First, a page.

According to the Washington Post, the Biden administration is considering easing sanctions on Venezuela’s oil sector should Venezuela’s president, Nicolás Maduro, agree to hold competitive elections in 2024.
Citing two people familiar with the matter, the Washington Post wrote, “The Biden administration and the Venezuelan government of President Nicolás Maduro have agreed to a deal in which the United States would ease sanctions on Venezuela’s oil industry and the authoritarian state would allow a competitive, internationally monitored presidential election next year.”
However, a U.S. official said that no commitment has been made by either party, “The administration has been clear — we support a Venezuelan-led negotiation and are prepared to provide sanctions relief in response to concrete actions toward competitive elections,” the official said anonymously.
Should a deal be reached, it will not include any plans to unfreeze Venezuelan assets in the U.S. and if any sanctions are lifted they will be structured in a way that they can be easily reimposed should Maduro not make good on his commitments, the Washington Post reported.
The sanctions were first levied by the Trump administration in 2019, a move that was supported by Antony Blinken, Biden’s Secretary of State at the time.
In 2018, the U.S. was importing around 586,000 barrels of oil per day from Venezuela.
With word of a possible deal, oil futures fell more than $1 a barrel on Monday with Brent crude futures settling at $89.65 a barrel, down $1.24, or 1.4 percent and West Texas Intermediate crude (WTI) falling $1.03, or 1.2 percent, finishing the day off at $86.66 a barrel.
Even if a deal is reached it could be some time before Venezuela’s oil sector would see any real benefit as a significant amount of investment in the sector would be needed in order to bring production back up to pre-sanction levels.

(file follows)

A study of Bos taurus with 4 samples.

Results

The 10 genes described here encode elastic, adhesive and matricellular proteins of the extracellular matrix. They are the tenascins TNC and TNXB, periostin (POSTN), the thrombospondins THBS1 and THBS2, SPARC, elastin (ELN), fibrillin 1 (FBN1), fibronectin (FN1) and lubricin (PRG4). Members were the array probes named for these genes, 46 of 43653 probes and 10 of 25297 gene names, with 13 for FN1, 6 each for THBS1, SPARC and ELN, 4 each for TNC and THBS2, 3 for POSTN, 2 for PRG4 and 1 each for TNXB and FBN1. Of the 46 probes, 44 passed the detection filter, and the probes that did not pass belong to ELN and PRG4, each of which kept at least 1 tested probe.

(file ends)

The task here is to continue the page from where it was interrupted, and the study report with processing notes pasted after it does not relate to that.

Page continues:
William Jackson, chief emerging markets economist for Capital Economics, told Reuters, “But the sector requires enormous investment to return output to the levels seen only a decade ago.”
Venezuela does have oil reserves that could be unleashed should a deal be reached — providing much relief for the socialist nation — however questions remain whether the country’s energy infrastructure is in a state to support more production.
Andrew Lipow, president of Lipow Oil Associates told Reuters, “Negotiations with Venezuela could lead to a surge in exports of crude oil that is already in inventory. But, a surge in production is a ways off given the decrepit state of the Venezuelan energy infrastructure.”
After learning of the possible deal, Republican Sen. John Barrasso took to X (formerly Twitter) to blast the development.
“America should never beg for oil from socialist dictators or terrorists. For the sake of our energy workers and our allies, @JoeBiden must work with us to unleash American energy,” he posted.
Alaskan senator, Dan Sullivan, also took to X to criticize the development, posting on Oct. 16, “Apparently Biden plans on lifting oil sanctions for Venezuela tmrw. Are you kidding me??” adding that, “What will it take for this admin to learn that appeasing dictators does not work? Joe Biden is making the world more dangerous & killing American energy security in the process!”
Venezuela sits on the world’s largest oil reserves and in the late 1990s was producing a staggering 3 million barrels of crude per day and exporting 1.8 million barrels per day to the United States, according to the U.S. Energy Information System.
However, following the 2014 oil crash, “Venezuela descended into chaos with hyperinflation, severe shortages of most goods, fighting on the streets, and many people fleeing to other countries,” Energy Strategy Reviews wrote in 2019.
Many fleeing the chaos in Venezuela ended up in the United States.
Currently, hundreds of thousands of Venezuelans are in the country seeking asylum, prompting the Biden administration to provide approximately 472,000 of them with Temporary Protected Status (TPS) for a period of 18 months in a bid to allow them to provide for themselves and to lessen the burden on municipalities struggling under the weight of providing for the influx of migrants.